Customized Retreats for Team-Building and Leadership

Legacy At

  "The world will little note nor long remember what we say here, but it must never forget what they did here."

                                                                                    President Abraham Lincoln

November, 1863

Gettysburg: Today

Perhaps nowhere else in our American Civil War were there demonstrated such profound acts of leadership, courage, teamwork, self-sacrifice, faithfulness, obedience and commitment than at Gettysburg. The men, both North and South who fought there, along with the civilian men and women who lived through it, left behind a legacy for us to learn from and emulate. The character traits demonstrated by the soldiers and civilians of Gettysburg teach us lessons for today: lessons to be applied in business, in our homes and in our churches. The decisions these men and women made in the face of hunger, stress, danger and exhaustion are challenging examples for us today.

Every year, people from all around the world come to Gettysburg, Pennsylvania as their vacation destination. They come to see the place where America hung in the balance: where the outcome of these three days in 1863 impacted the future of this country as well as their own. Some of those visitors may drive the roads while others walk the fields. However one tours Gettysburg, most are moved to consider what was done there, the price of freedom and how courageous men and women pressed through one of the greatest crises in this nation's history.

Gettysburg is part of America's sacred ground along with places like  Pearl Harbor, Independence Hall, Boston Harbor and Ground Zero. It is a place to be visited. It's a place to be considered. It's a place to be honored and hallowed

Gettysburg: 1863

By the summer of 1863, the American Civil War was in its third year. The country was hemorrhaging as shortages of food, and the 500,000 casualties were taking their toll. Riots were breaking out over emancipation, many in the North were calling for the Confederacy to be given its freedom and President Lincoln was hated and mocked by many in his own party. On top of this, Robert E. Lee had taken over the Confederate army in the east and had beaten and embarrassed the Union army more than once. In May 1863, Lee defeated and humiliated the Union army in Virginia while being outnumbered almost 3-1.  Morale amongst the northern civilian population and army was at an all-time low while just the opposite was occurring in the South. The world was watching to see if the only democratically elected constitutional republic in the world could survive despite the war that was tearing it apart.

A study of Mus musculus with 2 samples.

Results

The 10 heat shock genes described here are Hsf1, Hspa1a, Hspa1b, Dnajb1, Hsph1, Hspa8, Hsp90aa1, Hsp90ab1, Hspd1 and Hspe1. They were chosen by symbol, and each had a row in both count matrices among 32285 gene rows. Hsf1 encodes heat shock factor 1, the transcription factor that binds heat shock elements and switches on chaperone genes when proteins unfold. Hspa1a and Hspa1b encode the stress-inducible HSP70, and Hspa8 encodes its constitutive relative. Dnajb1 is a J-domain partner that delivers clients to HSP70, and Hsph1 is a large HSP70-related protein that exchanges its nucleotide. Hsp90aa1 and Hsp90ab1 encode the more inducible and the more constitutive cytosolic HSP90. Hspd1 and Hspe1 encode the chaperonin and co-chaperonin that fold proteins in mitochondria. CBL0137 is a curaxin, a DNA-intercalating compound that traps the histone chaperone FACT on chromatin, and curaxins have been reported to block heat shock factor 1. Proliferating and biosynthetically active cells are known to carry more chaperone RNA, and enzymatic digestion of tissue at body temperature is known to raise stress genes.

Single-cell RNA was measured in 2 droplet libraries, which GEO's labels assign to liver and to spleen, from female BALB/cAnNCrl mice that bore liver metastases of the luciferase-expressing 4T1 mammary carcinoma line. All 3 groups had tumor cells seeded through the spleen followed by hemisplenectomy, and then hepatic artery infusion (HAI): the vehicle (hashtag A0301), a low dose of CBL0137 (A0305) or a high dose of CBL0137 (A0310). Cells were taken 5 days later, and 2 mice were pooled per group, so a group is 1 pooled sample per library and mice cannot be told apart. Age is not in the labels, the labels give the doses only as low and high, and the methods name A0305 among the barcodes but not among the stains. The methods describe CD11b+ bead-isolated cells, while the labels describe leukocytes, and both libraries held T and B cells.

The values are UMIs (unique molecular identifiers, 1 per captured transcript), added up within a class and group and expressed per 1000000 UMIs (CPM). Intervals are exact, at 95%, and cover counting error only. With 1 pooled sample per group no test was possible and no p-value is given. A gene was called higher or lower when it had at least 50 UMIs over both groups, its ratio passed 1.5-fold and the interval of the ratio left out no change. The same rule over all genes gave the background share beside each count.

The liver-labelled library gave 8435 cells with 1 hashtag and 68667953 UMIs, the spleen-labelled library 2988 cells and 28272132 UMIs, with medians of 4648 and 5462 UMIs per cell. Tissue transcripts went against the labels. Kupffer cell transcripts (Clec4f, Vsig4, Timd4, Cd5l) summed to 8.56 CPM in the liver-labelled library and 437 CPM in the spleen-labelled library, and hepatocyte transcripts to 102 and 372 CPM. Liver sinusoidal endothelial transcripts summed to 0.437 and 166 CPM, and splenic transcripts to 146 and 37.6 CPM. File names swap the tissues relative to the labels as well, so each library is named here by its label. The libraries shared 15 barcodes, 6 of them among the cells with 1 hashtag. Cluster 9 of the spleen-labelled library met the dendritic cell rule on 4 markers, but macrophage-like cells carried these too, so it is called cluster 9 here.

With such an atmosphere of confidence accompanied by his audacious and aggressive nature, in June, Robert E. Lee moved his Confederate army of 75,000 men out of Virginia and into the North in hopes of winning a major battle on Union soil. The Union army in the east, paralleled him and followed Lee north.

On July 1, 1863, the Union army of 95,000 men collided with Lee's army and for three days these 170,000 men butchered each other in the fields and town of Gettysburg Pennsylvania. When the fighting ended on July 3rd, upwards of 53,000 men were casualties of the battle. Blood pooled in fields and roads. Dead bodies and body parts were strewn over the fields where five days prior, wheat was close to being harvested. Homes, churches, barns and businesses were ransacked. Most of the water was either gone or tainted.  When the armies moved south on July 5th, the 2,400 inhabitants of Gettysburg were left to clean up their fields and town as well as to take care of the 26,000 wounded men, nearly 10,000 dead and 8,000 dead horses left behind. One example is Elizabeth Thorn, who, with her husband away at war and six months pregnant at the time of the battle, spent the month following the battle digging graves for the dead.

The largest land battle on North American soil had just taken place. One fifteen year old girl named Tillie Pierce wrote about the battle and described her hometown of Gettysburg as, "A strange and blighted land." Four months later President Lincoln traveled to Gettysburg to help dedicate the national cemetery for the Union dead. It was then that he made his "few appropriate remarks:" words that would define this country and become what many call, "American Scripture."